2D gels, spot excision, in gel tryptic digestion, extract the peptides with ACN/H2O/TFA, evaporate the solvent, re-dissolve in small volume and prepare them for MALDI-MS and -MS/MS.
The MS comes from companies like Bruker and the other equipment (gels, spot exciser, etc.) from companies like GE Healthcare.
Our instrument does the following:
The samples are provided in 96 or 384-well MTPs as dried lyophilisates. The robot dispenses a small volume (a few uL) of the solvent of choice, as a series of small droplets, to assist and ensure the peptides dissolve. This solution will then aspirate and dispense onto the MALDI target.
In addition, the instrument aspirates MALDI matrix solution (CHCA in ACN/H2O/TFA) as well as a solution of two known peptides for optional internal calibration, and it dispenses them to the MALDI target before or after the transfer of the re-dissolved peptide solutions. These solutions are provided in 0.5 mL Sarstedt or Eppendorf tubes. Of course, the instrument could dispense other solutions as well, and the samples must not be provided in a dried state, etc.
Off-line nano- or micro-LC-MALDI-MS and -MS/MS workflow:
This application is for the performance of proteomics research and to identify and characterise complex peptide mixtures (shot gun proteomics workflow).
The instrument is used as a non-contact fraction collector and starts doing this on demand, controlled by a TTL or shortcut signal sent by the LC software. The fraction collection works the following way:
The effluent of the LC is combined with a dispensing solution and they jointly send off as a series of little droplets (on-demand, time-controlled) down to the MALDI target. Each droplet can be dispensed to a different position on that target (one droplet, one fraction), or several (user's choice) can be collected on the same position to enhance the detection sensitivity and maintain the chromatographic resolution.
In this case, it is a fused silica capillary with an outer diameter of 90 um and an ID of 20 um coming from, for example, a Dionex nano-HPLC in a special T-connector. It enters our dispensing tip with a dispense orifice (channel) with an ID of 200 um. That tip is filled with dispensing solution (e.g. 20% ACN/80% H2O).
Each time a droplet of the dispensing solution with a typical volume of 50 nL (or larger, e.g. 100, 200 or 500 nL) is sent off, that amount passes the end of the capillary and travels along the eluted peptides, which have accumulated in the form of a tiny droplet. The accumulation time is set by the user, e.g. 1, 2, 3, 10 or 20 seconds. The time frame depends on the LC flow. The small size of the droplets ensures that the sample is not too diluted.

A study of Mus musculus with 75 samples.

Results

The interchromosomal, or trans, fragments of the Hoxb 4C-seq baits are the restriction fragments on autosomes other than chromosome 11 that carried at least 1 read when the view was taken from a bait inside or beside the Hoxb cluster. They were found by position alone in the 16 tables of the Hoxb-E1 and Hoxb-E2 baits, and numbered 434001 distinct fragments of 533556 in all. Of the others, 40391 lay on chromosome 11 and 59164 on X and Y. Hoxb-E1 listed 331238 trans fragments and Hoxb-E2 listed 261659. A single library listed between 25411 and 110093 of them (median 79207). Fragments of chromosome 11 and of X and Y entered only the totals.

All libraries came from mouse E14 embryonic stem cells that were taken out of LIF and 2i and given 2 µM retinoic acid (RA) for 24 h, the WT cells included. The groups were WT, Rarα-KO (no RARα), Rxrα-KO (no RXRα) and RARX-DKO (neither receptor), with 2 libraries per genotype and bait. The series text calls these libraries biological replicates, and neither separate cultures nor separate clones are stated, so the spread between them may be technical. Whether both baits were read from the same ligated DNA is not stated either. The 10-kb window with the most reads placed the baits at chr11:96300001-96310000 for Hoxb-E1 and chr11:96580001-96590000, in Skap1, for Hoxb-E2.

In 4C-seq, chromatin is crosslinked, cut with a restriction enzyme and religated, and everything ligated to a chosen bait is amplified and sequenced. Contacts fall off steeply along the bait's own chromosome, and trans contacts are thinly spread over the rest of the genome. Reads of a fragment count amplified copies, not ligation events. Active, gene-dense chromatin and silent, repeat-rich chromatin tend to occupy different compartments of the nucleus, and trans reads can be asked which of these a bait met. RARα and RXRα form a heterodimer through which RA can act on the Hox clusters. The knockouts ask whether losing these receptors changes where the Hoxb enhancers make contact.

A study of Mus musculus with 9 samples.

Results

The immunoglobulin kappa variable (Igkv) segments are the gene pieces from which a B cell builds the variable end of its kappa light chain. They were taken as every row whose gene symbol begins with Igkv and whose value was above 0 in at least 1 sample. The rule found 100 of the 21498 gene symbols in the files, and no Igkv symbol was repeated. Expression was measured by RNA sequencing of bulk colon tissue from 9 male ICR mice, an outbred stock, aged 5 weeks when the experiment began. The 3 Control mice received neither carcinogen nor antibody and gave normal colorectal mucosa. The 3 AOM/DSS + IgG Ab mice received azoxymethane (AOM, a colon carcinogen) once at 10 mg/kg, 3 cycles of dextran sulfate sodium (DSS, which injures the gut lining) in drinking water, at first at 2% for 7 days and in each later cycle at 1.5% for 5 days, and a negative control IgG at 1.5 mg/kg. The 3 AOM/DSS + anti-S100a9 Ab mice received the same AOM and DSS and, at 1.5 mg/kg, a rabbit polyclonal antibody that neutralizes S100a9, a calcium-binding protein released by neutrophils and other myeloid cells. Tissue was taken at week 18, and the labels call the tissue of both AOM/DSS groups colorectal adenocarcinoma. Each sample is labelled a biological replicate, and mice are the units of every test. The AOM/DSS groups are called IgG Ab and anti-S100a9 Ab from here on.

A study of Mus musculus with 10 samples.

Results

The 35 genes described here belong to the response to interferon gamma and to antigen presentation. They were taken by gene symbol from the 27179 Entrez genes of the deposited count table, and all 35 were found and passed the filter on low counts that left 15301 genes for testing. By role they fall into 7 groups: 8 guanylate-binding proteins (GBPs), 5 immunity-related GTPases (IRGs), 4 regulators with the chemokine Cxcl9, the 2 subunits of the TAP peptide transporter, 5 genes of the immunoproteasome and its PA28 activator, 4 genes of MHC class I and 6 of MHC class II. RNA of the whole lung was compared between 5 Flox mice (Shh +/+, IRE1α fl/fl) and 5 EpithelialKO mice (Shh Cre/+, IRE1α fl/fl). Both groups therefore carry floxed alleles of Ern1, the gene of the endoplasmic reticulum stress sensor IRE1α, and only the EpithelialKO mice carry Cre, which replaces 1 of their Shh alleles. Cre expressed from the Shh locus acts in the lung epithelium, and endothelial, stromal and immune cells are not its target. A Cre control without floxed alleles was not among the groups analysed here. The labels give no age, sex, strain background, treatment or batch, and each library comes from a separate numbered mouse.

The non-contact operation is what separates our instruments from our competitors’. It minimises sample carry-over and excludes contamination of the tip by target contacts (dust particles etc.), damage of the capillary or failure to deposit a fraction caused by variations in height (non-perfectly planar targets).
Other tasks achieved with the use of the same instrument are the dispensing of the matrix solution, with or without internal standards or an acidic water (pH < 2) for the washing/conditioning of thin-layer sample preparations. To make this possible, the instrument also provides a sucking nozzle (capillary) that works much like a vacuum cleaner: it sucks the washing solution (sitting droplet of 1-3 uL) away without touching the target (non-contact removal).
All in all, the instrument provides two dispense channels (LC effluent + one other solution) and one liquid removal channel, which can be combined in any way.
MALDI-MS imaging of biological or medical tissue sections workflow:
MALDI-MS imaging => image analysis => selection of spots or regions of interest => using our robot for the following tasks:
Load the image, recognize the reference markers, align with our head mounted camera, mark the positions and dispense tiny amounts of buffered trypsin solution to the spots (individual droplets or a defined array of droplets). During this operation, the target can be heated up to 37 or 40 C° to assist protein digestion. After this part, fresh acidic matrix solution is dispensed to the spots enabling their subsequent analysis in a second MALDI-MS and -MS/MS run to identify proteins within the spots.
All instrument set-ups described above come with options, the most popular of which is a head mounted digital camera with high quality magnification optics. This, for example, can be used for manual operation in the mark and hit process, i.e. when you mark positions you see in the image from that camera and afterwards the robot sends one or a series of droplets to it.
Additionally, it can be used during a run to automatically record and store a sharp image of each prepared sample (e.g. fraction of the LC run), making it always possible to go back and see whether that sample was alright. It can also be used to record an image of each sample after a first MALDI-MS or MALDI-MS/MS analysis, which is useful when trying to judge how much sample is left for a second analysis or for the addition of another reagent (e.g. internal standard to selected spots).